Pope Francis’ speeches are not framed either by the doctrines or dogmas of the Roman Catholic Church. It is not that he does not appreciate them, but that he understands that they are theological works created during different historical times. Those doctrines and dogmas provoked religious wars, schisms, excommunications, the burning of theologians and women (such as Joan of Arc and the women considered witches) at the stake of the Holy Inquisition. That lasted for several centuries and the author of these lines had a bitter experience in the cubicle where the accused were interrogated in the forbidding building of the former Inquisition, located to the left of the Basilica of Saint Peter.
Pope Francis has engendered a revolution in the thinking of the Church, returning to the praxis of the historical Jesus. He is restoring what is now called “The Tradition of Jesus”, that precedes the present Gospels, written 30-40 years after His execution on the cross. The Tradition of Jesus, or as it is also called in The Acts of the Apostles, “the path of Jesus”, is grounded more on values and ideals than on doctrine. The essentials are unconditional love, mercy, forgiveness, justice and preference for the poor and the outcast, and a total openness to God the Father.
Jesus, to put it bluntly, did not intend to found a new religion. He wanted to teach us how to live. To live with fraternity, solidarity and caring for each other. What stands out most in Jesus is His good sense. We say that someone has good sense when that person has the right word for each situation, appropriate behavior, and the ability to quickly identify the gist of a question. Good sense is linked to the concrete wisdom of life. It distinguishes the essential from the secondary. It is the capacity to see and put things in their rightful places.
Good sense opposes exaggeration. This is where the madman and the genius, who are so close in many aspects, are fundamentally distinguished. The genius radicalizes good sense. The madman radicalizes exaggeration. Jesus, as the Gospels witness, manifested Himself as a genius of good sense. A matchless freshness runs through everything He says and does. God in His goodness, a human in his frailty, society with its contradictions and nature with its splendor, appear with crystal clear immediacy.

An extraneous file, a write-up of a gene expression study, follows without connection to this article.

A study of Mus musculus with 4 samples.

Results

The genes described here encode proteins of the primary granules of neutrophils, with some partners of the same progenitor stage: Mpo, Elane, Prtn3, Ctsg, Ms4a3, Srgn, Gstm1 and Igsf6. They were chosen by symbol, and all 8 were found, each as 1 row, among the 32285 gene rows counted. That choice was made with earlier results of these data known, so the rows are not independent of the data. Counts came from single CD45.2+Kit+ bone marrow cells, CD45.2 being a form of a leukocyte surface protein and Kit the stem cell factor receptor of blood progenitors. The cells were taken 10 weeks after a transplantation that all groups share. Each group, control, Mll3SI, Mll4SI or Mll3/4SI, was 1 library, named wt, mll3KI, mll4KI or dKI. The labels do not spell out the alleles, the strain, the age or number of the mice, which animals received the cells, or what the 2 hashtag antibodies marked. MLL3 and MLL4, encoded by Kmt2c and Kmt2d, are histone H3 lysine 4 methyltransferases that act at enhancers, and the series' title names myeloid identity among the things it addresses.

Jesus neither preaches theology nor appeals to superior moral principles. Jesus does not get lost in tedious and heartless questions of right and wrong. His words and attitudes go directly to the point where reality bleeds and the human must make a decision for himself and before God. His warnings are incisive and direct: “first be reconcíled to thy brother” (Mt 5,24). “Swear not at all” (Mt 5,34). “Do not fight back against evil; but whosoever shall smite thee on thy right check, turn to him the other also” (Mt 5,39). “Love thy enemies, and pray for those who spitefully use thee and persecute thee” (Mt 5,44). “When thou doest alms, let not thy left hand know what thy right hand doeth” (Mt 6,3). This good sense has been missing from the institutional Church (popes, bishops and priests), but not from the Church of the bases, especially on moral questions.
The institutional Church is hard and implacable. Humans with their pain are sacrificed to abstract principles. The institutional Church is ruled by power, rather than mercy. As the saints and wise men and women warn us: where power prevails, love vanishes and mercy disappears. How different is Pope Francis. The principal quality of God, he tells us, is mercy. He often repeats: “Be merciful as your heavenly Father is merciful ” (Lk 6,36).
Pope Francis explains the etymological meaning of mercy: miseris cor dare: «give the heart to the miser», to those who suffer. In his Angelus talk of April 6, 2014, he said in hushed tones: «Listen well: there are no limits at all to the divine mercy offered to all». And asked the multitude to repeat with him: «There are no limits to the divine mercy offered to all». He reminds us as a theologian that Saint Thomas Aquinas affirms that, where practice is concerned, mercy is the most important virtue «because it overflows to the others and also succors them in their weaknesses».
Filled with mercy in the face of the dangers of the zika virus epidemic Pope Francis opens a space for the use of contraceptives. It is about saving lives: «to avoid a pregnancy is not an absolute evil», the Pope said in his visit to Mexico on February of the current year. To the new cardinals, he admonishes them with the words: «The Church does not condemn forever. The punishment of hell used to torment the faithful is not eternal». God is a mystery of inclusion and communion, never of exclusion. Mercy always triumphs.
This means that we must interpret the Bible references to hell not in a fundamentalist way, but pedagogically, as a way to lead us to do good. Logically, we do not enter in any form into the Kingdom of the Trinity. We must first pass through the purifying clinic of God, until we emerge, purified, into the blessed eternity. This message is truly liberating. And Pope Francis’ apostolic exhortation confirms “The Joy of the Gospel”. This joy is offered to everyone, including non-Christians, because it is the path of humanization and of liberation.